Three years ago this month, my husband and I purchased our first house.
We were all kinds of exited.
Sure, it was just a small, three-bedroom, one-and-a-half bathroom ranch, with no garage, and begging for some major updating. But it was ours. We owned that mother.
We had high hopes for our little ranch. It had potential. It had spunk and personality.
So we started making plans. We would renovate the kitchen top-to-bottom (which hadn't been done since the 70s). We would add a garage - or at least a carport. We would put in replacement windows. We would make the half bathroom into a full. The thought of adding yet another full bathroom on to our bedroom even crossed our minds (the words "master suite" sounded so nice).
But first, we would paint the interior. It would be something fun for us to do together. As a couple. A couple who would be getting married in three months.
We would go full steam ahead!
Well, our honeymoon rolled around three months later, and guess what? We hadn't made much progress.
"Not much" meaning "not one iota."
So we used some of our wedding money to hire painters, and when we came back from our honeymoon, ladies and gentlemen, we had progress.
Now that we had gotten past square one (we were at square two?), surely tackling the rest of the house plans would come easily, right?
Well, in a word... no.
And little by little we started to get less and less excited about our piece of "potential." Its personality started to wear thin on us, too.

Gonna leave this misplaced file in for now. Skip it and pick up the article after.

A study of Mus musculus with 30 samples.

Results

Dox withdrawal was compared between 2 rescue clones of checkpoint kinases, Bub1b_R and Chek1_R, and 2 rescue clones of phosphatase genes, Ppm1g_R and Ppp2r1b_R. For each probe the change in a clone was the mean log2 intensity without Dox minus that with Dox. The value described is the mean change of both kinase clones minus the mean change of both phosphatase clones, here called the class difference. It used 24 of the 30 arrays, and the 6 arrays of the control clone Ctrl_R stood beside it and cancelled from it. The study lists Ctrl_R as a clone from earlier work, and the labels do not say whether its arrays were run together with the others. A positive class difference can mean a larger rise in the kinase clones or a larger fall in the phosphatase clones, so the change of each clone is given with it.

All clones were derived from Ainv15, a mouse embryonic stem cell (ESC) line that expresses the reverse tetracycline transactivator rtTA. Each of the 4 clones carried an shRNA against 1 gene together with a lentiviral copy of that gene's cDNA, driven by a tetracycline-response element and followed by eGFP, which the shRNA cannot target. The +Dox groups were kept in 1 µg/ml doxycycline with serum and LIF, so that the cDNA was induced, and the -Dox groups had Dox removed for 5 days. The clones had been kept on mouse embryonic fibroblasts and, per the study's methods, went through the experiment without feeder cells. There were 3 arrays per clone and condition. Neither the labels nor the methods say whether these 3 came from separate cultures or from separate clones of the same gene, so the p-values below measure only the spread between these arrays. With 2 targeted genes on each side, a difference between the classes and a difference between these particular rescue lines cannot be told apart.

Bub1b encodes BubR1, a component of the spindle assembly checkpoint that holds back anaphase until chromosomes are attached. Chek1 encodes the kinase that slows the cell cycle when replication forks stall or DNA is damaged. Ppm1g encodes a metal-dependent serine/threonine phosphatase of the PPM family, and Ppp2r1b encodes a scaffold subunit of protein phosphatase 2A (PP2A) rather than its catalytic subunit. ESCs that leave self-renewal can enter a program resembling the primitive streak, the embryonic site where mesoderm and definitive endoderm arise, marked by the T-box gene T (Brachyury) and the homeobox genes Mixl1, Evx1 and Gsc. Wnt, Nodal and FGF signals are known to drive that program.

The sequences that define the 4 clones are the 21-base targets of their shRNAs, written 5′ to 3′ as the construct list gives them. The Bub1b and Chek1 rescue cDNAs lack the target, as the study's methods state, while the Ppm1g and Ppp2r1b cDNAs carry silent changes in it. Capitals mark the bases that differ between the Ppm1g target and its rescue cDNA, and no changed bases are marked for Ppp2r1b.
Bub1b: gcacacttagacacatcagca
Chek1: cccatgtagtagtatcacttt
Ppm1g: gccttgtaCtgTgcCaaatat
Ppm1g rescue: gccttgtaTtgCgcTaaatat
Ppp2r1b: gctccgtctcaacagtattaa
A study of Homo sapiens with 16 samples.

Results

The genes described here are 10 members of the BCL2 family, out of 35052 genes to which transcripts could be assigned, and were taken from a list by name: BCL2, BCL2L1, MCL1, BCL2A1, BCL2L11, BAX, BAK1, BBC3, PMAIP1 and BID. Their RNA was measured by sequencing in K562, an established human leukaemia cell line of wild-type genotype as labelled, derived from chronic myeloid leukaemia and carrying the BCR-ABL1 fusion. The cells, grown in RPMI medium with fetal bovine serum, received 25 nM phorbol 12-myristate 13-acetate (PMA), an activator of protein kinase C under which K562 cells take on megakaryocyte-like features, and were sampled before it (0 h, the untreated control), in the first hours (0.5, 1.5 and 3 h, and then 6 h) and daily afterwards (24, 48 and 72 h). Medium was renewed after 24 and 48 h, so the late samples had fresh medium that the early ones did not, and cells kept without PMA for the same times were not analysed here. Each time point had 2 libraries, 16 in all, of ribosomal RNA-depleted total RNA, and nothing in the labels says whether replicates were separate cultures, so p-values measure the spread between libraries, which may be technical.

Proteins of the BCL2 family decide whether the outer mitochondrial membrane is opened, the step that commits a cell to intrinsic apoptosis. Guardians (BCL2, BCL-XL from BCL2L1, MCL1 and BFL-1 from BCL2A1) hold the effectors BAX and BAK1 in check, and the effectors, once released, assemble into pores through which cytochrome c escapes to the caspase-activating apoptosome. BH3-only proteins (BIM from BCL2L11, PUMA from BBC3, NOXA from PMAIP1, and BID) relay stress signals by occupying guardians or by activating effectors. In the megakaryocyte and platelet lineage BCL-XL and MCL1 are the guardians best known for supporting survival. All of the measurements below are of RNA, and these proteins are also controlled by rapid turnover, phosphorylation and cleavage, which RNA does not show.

So much for spunk.
Instead of thinking about the progress we could make on our house, we were already planning for our next house.
Throughout our first winter there, every time I had to go outside and shovel snow off the car before work, I would declare that my next house would have a garage.
When summer rolled around, my husband would prepare himself every morning for his sprinkler dance - making sure that every part of the lawn was getting water, while trying to dodge the rotating spray.
And, of course, there were the ceiling fans in the summer, which simply pushed around the damp, muggy air.
That's it, we vowed. Our next house would absolutely, positively, without a doubt have to have three things - a two-car attached garage with an automatic door opener. an in-ground sprinkler system and central air.
And so last year at this time, when we purchased our second house together (the Dream House), you better believe that we checked those three things off our list.
And said good-bye to our devoid-of-all-personality ranch.
Well, you know the saying, "Revenge is a dish best served cold?"
Someone must have given that ranch the memo.
Because it's now been exactly a year since we've moved into the Dream House. And guess which three things in the Dream House have decided to fail on us - all within the same week?
The automatic garage door opener? Busted.
The central air? Leaking.
The in-ground sprinklers? Broken.
Well played, little ranch, well played. I guess you do have some spunk in you yet.